Recommended by Philip Middleton Williams

  • Right Field of Dreams
    5 Jun. 2023
    That baseball is a metaphor for life and growing up is not a new idea, and yet I love the way storytellers come up with new ways to make it seem as fresh and real as if we're discovering it for the first time. Stephen Kaplan's short and loving play combines several stories -- from "Angels in the Outfield" to "Field of Dreams" and even a bit of "Damn Yankees" and "A League of Their Own" -- to show how Tim grows up and out in the bottom of the ninth with the bases loaded. It's a grand slam.
  • October Surprise
    4 Jun. 2023
    If there's anything that we've learned in politics -- and human interaction -- it is that it's the small stuff, the forgotten gestures or moments that can destroy the best-laid plans. In this well-crafted reunion between two college classmates, both of their futures hang in the balance. This would be a great piece for two actors to show their skills as understated but still powerful roles can make for great dramatic tension.
  • HELLISH DELIGHTS (Four New One-Act Plays)
    4 Jun. 2023
    A collection of short plays that together give us a vision of what Hell is really like: missed opportunities, lost love, unsatisfying vengeance, and the arrogance of hubris in the hands of frail humanity. Each one of these four plays comes at us from different directions, with different motives and methods, and yet it's all so clearly done that you find yourself nodding in agreement and wondering where you may fall -- so to speak -- in these situations. Also, funny as hell. Great work from a master craftsman, and now available through Next Stage Press.
  • Cindy/Ella
    3 Jun. 2023
    Fairy tales have always been ripe for retelling and adapted to fit the times and the tellers. In this fun reversal of the Cinderella legend -- which in its original version is far darker than "bibbety-bobbety-boo" -- Elisabeth Giffin Speckman takes on the world of the paparazzi and media circus of celebrity and gives us a princess who really doesn't want her sheltered and shallow life, looking for real meaning. It's a cautionary tale told with wit, plenty of pokes at our star-obsessed fan-aticism, and a romp for the actors and audience. Get it from Next Stage Press.
  • When in Rome
    29 May. 2023
    I always love good sketch comedy, and this is worthy of anything Carol Burnett would have done -- I can see the casting now with her team -- and Morey Norkin does it so well with snappy jokes, groaning puns, anachronisms up the wazoo, and punch lines that land on the glutius maximus even without a serving of ginin tonicus. Try and read this without laughing out loud; go on, I dare you.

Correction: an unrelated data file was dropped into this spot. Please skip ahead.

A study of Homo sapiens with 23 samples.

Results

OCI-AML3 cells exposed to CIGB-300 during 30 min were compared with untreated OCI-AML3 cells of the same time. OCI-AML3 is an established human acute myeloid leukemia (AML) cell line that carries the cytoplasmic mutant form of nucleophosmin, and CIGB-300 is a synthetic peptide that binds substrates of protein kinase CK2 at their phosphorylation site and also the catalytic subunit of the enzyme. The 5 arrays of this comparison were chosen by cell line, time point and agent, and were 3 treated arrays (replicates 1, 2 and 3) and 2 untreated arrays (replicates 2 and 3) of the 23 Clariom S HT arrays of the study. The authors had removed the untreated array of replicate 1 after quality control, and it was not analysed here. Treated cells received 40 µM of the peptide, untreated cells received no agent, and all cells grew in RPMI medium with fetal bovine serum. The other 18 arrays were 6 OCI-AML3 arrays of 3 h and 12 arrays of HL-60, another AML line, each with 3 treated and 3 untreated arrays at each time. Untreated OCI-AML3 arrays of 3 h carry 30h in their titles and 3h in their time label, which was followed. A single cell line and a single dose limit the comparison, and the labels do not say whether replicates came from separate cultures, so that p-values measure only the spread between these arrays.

• Second Book Syndrome
    27 May. 2023
    Our imaginations run away with some wild ideas that we can ascribe to our innermost feelings... or are we really alone? Is someone else there, guiding us, goading us? The idea of a writer meeting their characters in the flesh is not a new concept, but in this imaginative -- literally -- tale, Robert's struggles are with more than just his reality. The choices he makes are his own... or are they? Sometimes the world we writers create is more truthful and brutally honest than the real one. Good work that deserves a production.
  • The Bench
    27 May. 2023
    This moment of stream-of-conscious/subconscious is a lovely and longing reflection on something that represents more than just a piece of furniture, and what this inanimate object holds for the one thinking and speaking the words. A fine piece for an audition or an evening of scenes: heartfelt, touching, honest, and worth hearing.
  • The Butterfly Anchor
    22 May. 2023
    Two damaged souls manage to find a connection through a struggle with a devastating and unrelenting disease, each battling it in their own way. Despite their best efforts to keep their distance -- and the shields at maximum -- the two learn from each other and how to face their personal traumas, real and self-imposed. In the end, the caretaker becomes the cared-for, and the weak becomes the strong. It's a powerful tale of reconciliation.
  • Tracy Jones
    20 May. 2023
    With all the elements of a farce -- plates of food, dishes of dip, pitchers of Diet Coke -- Stephen Kaplan sets the stage for what promises to be exactly that: non-stop laughter and rapid-fire dialogue offered by characters that seem to be over-the-top at a breathless pace. They do deliver so well as seen in the production at Island City Stage. But then, we discover that the Tracys have stories to share of tenderness and heart-strings tugs. Reminiscent of Beth Henley's vulnerable souls, we see beneath the splatter and tossed celery there are people we can love.
  • Tesseract
    17 May. 2023
    In 1935, Sinclair Lewis wrote "It Can't Happen Here" about the takeover of the United States by a home-grown Fascist regime. Scott Sickles gives us a contemporary take on the idea as seen through the lens of a same-sex couple with a trans son who is lost in their frantic escape and they spend years searching for him. It is intensely personal yet we don't know the names of anyone, which makes it universal -- and harrowing -- because it can happen here, and the tesseract -- the wrinkle in time -- could be at this moment.